Interesting Modern Lisps

Lisp is pretty much my favorite language, so here's a list of the dialects that I think are most interesting:

  1. Common Lisp - An oldie but a goodie. Since the publication of Seibel's book, Common Lisp is experiencing something of a renaissance.
  2. Scheme - It's not just for teaching.
  3. Clojure - Lisp on the JVM? With Java interoperability? Yeah.
  4. LFE - Lisp Flavored Erlang. LFE : Erlang :: Clojure : Java.
  5. Arc - Just because.

Note that I am specifically omitting Emacs lisp here. I cannot for the life of me understand why Stallman did not choose Scheme instead of doing his own thing.

Why do I like Lisp? Here are a few reasons:

  1. Macros. As a C programmer, I learned to despise macros in the preprocessor, but Lisp macros are totally different. They are functions that return expressions, not tokens that trigger textual substitutions and change the underlying lexicographical structure of programs.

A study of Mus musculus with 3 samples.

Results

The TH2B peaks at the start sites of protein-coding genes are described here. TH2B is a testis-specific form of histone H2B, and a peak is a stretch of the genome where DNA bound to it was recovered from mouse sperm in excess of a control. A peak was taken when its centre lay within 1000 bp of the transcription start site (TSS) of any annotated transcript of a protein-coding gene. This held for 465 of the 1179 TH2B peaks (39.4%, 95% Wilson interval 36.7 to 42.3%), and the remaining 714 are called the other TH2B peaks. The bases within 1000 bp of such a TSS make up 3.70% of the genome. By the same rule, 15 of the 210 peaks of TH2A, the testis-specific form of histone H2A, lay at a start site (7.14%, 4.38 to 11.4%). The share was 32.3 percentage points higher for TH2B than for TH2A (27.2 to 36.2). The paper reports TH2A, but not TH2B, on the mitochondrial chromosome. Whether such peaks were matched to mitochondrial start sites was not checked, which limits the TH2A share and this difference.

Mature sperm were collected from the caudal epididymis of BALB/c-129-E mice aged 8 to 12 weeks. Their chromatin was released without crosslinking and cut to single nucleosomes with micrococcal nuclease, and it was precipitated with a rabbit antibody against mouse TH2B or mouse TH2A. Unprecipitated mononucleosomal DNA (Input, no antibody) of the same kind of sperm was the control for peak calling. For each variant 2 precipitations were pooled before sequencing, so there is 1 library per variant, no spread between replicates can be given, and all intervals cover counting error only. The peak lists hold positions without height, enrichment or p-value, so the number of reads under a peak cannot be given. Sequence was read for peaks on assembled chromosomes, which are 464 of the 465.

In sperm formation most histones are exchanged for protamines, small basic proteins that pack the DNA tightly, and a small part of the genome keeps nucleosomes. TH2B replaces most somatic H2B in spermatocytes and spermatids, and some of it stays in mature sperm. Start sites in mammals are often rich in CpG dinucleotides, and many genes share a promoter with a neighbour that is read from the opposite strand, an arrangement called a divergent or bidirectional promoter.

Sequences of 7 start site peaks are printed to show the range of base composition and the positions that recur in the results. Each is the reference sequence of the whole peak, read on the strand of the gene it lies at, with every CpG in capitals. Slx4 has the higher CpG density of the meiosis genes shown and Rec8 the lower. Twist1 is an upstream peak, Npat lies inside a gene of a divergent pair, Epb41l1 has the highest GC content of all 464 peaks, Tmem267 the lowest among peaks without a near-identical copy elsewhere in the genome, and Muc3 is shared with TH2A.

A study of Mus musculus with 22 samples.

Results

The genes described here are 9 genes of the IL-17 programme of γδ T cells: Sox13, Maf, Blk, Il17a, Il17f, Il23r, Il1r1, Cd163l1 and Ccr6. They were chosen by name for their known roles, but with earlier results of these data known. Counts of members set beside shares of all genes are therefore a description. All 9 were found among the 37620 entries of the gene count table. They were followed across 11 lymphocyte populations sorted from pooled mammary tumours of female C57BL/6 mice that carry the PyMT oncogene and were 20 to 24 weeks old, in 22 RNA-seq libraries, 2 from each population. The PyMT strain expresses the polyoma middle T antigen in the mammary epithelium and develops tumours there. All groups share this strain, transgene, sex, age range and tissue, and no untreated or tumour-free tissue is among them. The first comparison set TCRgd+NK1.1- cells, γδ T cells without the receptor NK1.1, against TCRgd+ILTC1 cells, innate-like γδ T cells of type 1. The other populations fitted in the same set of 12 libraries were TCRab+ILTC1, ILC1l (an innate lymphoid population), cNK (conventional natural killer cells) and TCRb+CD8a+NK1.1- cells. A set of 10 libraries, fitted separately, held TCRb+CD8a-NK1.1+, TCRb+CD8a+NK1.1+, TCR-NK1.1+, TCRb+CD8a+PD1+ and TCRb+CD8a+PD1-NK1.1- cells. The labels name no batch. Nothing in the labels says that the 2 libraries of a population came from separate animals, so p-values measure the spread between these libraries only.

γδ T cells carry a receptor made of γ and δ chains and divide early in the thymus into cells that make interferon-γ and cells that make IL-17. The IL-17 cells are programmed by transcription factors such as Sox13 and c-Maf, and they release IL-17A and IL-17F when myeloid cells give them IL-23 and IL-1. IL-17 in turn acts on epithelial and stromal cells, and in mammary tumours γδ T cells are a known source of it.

2. Homoiconicity. The homoiconic structure of Lisp enables most of the rest of the magic.
  3. Simplicity. Once you get the hang of it, Lisp is simple. You can learn the basics of the syntax in a couple of hours, and all else follows. Bravo!

There are, of course, other reasons. But these are the basics, and they all lead to two things: power and expressiveness. Lisp is singularly powerful because of it's ability to manipulate itself, and this makes it wonderfully expressive. I realized at one point, while really learning Common Lisp, that I was being far more productive in Lisp than I am in most languages: things that were difficult to write in, say, C or even SML were simple in Lisp. And that's what it's all about, right?